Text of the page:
Table of Contents
- 1 How many disabled parking spaces are required UK?
- 2 Can someone else park in my disabled bay?
- 3 Can you ever park in a disabled space?
- 4 What are the rules for blue badge holders?
- 5 What happens if you park in a disabled bay?
- 6 What is an enforceable disabled parking bay?
- 7 Can Parent and Child park in disabled?
- 8 Can I park in a disabled bay outside a house?
How many disabled parking spaces are required UK?
The BSI British Standards states that you should provide one disabled parking bay for each disabled motorist you have working at your premises plus 5% of the total capacity of visiting motorists and a further 4% of the spaces should be enlarged standard spaces.
Can someone else park in my disabled bay?
Who can use the dedicated disabled bay. Only those in receipt of a unique permit may park in a dedicated disabled parking bay, which is enforceable all day, seven days a week. If someone illegally parks in a disabled bay, you can call our Parking Enforcement Team on 020 8489 2102.
Can you ever park in a disabled space?
To be allowed to park in a disabled bay, the car in question must display a valid disabled parking permit, or ‘Blue Badge. ‘ The ‘Blue Badge’ scheme is run by the government, and allows disabled people – or those who transport them – to avoid certain parking exemptions.
What are the rules for blue badge holders?
Your Blue Badge usually lets you park for free:
- on streets with parking meters or pay-and-display machines for as long as you need to.
- in disabled parking bays on streets for as long as you need to, unless a sign says there is a time limit.
What happens if you park in a disabled bay?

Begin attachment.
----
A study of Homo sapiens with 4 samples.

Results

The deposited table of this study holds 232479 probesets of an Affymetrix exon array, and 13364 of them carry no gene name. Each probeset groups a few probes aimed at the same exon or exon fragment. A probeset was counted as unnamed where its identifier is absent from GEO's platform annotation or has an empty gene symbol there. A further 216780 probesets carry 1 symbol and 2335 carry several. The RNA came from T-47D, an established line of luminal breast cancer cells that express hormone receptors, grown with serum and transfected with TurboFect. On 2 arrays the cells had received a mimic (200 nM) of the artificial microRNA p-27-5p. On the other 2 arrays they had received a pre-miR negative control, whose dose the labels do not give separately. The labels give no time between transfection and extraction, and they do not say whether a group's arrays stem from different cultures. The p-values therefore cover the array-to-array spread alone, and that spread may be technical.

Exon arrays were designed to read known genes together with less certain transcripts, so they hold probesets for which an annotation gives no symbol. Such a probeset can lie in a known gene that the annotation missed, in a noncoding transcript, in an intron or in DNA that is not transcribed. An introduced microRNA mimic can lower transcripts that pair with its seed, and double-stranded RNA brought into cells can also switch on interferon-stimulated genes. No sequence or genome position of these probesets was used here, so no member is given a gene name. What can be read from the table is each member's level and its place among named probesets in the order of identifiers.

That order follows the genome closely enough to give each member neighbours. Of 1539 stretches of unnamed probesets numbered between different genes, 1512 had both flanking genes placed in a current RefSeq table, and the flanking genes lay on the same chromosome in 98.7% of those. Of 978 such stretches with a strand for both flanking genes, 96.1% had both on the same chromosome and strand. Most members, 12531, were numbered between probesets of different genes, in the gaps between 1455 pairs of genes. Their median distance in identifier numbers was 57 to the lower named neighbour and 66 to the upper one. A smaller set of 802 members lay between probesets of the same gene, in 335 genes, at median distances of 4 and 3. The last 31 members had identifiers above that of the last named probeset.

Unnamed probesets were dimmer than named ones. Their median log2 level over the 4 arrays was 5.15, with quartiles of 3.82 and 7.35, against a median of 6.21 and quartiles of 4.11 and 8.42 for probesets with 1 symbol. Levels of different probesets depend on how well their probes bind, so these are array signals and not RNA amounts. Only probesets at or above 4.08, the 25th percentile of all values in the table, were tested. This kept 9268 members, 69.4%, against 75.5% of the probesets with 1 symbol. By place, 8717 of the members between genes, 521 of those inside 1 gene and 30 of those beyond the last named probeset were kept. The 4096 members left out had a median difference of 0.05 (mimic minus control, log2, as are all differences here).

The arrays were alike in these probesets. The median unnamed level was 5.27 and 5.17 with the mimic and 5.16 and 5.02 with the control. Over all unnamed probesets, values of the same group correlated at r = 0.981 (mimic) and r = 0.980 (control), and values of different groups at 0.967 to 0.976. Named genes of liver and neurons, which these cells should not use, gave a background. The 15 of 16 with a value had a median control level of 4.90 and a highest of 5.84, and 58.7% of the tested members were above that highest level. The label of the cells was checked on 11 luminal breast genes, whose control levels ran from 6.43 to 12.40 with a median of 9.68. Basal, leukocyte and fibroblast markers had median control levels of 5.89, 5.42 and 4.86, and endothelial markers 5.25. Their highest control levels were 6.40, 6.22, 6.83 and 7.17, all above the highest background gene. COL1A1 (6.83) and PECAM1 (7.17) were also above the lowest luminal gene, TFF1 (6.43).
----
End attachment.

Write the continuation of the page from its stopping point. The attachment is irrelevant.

“Any customer found to be parking in a disabled bay that doesn’t have a valid blue badge or is misusing parent and child bays will receive a parking charge notice. “This is to ensure these spaces are kept available for the customers who need them the most.”
What is an enforceable disabled parking bay?
Mandatory disabled bays have formal status on the highway. They are underpinned in law by a Traffic Regulation Order which means that they are legally enforceable. Parking in a mandatory disabled parking bay without displaying a valid Blue Badge is therefore likely to incur a Penalty Charge Notice.
Can Parent and Child park in disabled?
While it isn’t illegal to park in a parent and child bay if you don’t have a child under 12 with you, you could be hit with a Parking Charge Notice (PCN). Disabled drivers should use the dedicated bays for blue badge holders.
Can I park in a disabled bay outside a house?
The council can help people with disabilities by providing parking bays outside their home. Any person with a valid Blue Badge can park in a disabled bay at any time. To be eligible for a disabled parking bay you must: have a valid Blue Badge.